Updated: May 26
The Northwest Passage Day 16
Sisimiut is the second-largest city in Greenland, after Nuuk. Although it is seventy-five kilometers north of the Arctic Circle, warm currents keep it ice free year-round. As a result, it has a pier, so our ship was able to dock. It was the first dock we’ve seen on the entire trip. It was a new experience to walk off the ship onto paved streets.
“Without new experiences, something inside of us sleeps. The sleeper must awaken.” Frank Herbert
A local took us on a walking tour of the town and the local museum, after which we were left on our own. Like most of towns in Greenland, the houses were painted bright colors. In the past, these colors indicated what went on inside—store, hospital, school, and so on. Now I think the people are carrying on the colorful painting as a tradition.
This town actually had restaurants and hotels and businesses! We opted to forego the ship food, as we got a tip on a restaurant that serves muskox burgers. Yum! Back on board, we learned the town gave us permission to jump in their bay. This would be the last opportunity for a polar plunge north of the Arctic Circle. Would I have the nerve? While I was working up the nerve, a local gave a kayaking demonstration in which he continuously rolled his kayak for at least 30 minutes. He didn’t freeze, so I was encouraged that I could survice a 10 second plunge.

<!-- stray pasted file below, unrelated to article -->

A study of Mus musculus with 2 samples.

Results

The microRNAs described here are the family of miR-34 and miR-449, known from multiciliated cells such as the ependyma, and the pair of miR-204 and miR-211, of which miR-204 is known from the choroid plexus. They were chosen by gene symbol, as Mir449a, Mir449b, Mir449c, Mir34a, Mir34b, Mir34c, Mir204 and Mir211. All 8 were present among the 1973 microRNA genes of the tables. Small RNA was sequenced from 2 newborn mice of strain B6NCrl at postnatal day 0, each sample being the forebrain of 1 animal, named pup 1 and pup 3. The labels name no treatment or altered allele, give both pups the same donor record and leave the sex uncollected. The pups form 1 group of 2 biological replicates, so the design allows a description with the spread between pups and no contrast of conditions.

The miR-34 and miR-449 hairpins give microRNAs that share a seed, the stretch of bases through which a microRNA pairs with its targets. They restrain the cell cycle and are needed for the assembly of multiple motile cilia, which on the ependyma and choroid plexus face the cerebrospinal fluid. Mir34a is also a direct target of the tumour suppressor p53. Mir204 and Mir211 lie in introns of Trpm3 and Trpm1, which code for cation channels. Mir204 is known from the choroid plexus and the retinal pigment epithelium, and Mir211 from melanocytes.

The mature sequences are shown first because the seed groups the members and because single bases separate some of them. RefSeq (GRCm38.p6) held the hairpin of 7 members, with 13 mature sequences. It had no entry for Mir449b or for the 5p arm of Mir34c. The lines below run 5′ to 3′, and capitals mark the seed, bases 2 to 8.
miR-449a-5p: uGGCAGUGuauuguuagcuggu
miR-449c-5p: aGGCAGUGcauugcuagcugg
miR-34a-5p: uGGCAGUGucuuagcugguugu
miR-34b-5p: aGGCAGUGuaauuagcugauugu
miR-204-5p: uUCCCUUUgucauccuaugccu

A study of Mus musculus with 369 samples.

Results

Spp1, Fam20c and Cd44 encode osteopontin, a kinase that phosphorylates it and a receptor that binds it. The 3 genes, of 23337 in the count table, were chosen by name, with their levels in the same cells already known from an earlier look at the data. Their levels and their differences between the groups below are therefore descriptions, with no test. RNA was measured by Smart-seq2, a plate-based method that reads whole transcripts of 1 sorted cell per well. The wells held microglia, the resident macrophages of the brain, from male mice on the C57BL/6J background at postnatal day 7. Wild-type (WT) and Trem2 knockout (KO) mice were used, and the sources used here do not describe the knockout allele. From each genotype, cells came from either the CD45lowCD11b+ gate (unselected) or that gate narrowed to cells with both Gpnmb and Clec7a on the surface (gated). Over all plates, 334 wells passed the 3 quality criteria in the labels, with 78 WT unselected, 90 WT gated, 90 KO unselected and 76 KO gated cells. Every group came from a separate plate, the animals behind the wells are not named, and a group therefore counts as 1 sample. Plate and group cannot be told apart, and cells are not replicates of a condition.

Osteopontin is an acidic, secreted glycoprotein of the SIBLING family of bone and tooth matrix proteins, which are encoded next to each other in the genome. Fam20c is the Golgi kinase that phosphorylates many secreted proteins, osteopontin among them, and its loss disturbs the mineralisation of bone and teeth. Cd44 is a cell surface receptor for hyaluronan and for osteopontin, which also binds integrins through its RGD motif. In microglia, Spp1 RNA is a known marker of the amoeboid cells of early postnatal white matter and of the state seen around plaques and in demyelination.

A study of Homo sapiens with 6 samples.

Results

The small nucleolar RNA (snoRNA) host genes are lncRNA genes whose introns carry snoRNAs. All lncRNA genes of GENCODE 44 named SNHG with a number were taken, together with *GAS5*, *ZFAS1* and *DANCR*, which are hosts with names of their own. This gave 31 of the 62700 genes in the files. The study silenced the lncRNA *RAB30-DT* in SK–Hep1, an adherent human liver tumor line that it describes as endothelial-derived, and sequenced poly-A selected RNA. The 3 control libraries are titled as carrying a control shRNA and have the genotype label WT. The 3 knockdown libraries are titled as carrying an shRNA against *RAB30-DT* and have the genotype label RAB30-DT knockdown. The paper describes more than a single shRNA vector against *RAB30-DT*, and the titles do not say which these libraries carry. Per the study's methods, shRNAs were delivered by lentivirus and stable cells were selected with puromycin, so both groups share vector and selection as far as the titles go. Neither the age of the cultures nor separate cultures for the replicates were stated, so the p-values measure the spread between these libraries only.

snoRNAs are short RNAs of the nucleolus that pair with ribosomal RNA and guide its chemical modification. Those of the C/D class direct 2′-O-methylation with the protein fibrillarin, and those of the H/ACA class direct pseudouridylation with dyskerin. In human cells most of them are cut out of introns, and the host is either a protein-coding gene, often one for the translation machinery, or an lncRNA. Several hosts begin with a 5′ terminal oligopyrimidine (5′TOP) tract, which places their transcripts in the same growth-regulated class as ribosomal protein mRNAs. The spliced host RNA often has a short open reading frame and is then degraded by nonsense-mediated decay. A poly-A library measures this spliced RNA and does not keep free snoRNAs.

The polar plunge was well organized. We were to assemble in the Nautilus lounge dressed in our swimsuits and a robe. Only those commiting to plunge were allowed. We got leis, party horns, and other festive paraphenelia and then learned the polar plunge chant. When we were sufficiently pumped up, we paraded through the ship to the mudroom and then the door to the ocean.
We proceeded one-by-one. First, we were given a life belt. If something happened, like dying from heart failure, the crew could drag us in. When it was my turn to plunge, I put on the belt, jumped, then immediately sprang to the ladder and came out. The crew was ready with a towel and a shot of vodka, which I tossed. Yes, it was cold, but invigorating. Later, we each received a polar plunge patch and were treated to a chocolate extravaganza after dinner. As you can see from the photo, not everyone participated.
After 16 days above the Arctic Circle, conditions were finally favorable for us to see the northern lights. (Photo by Glen Gould.)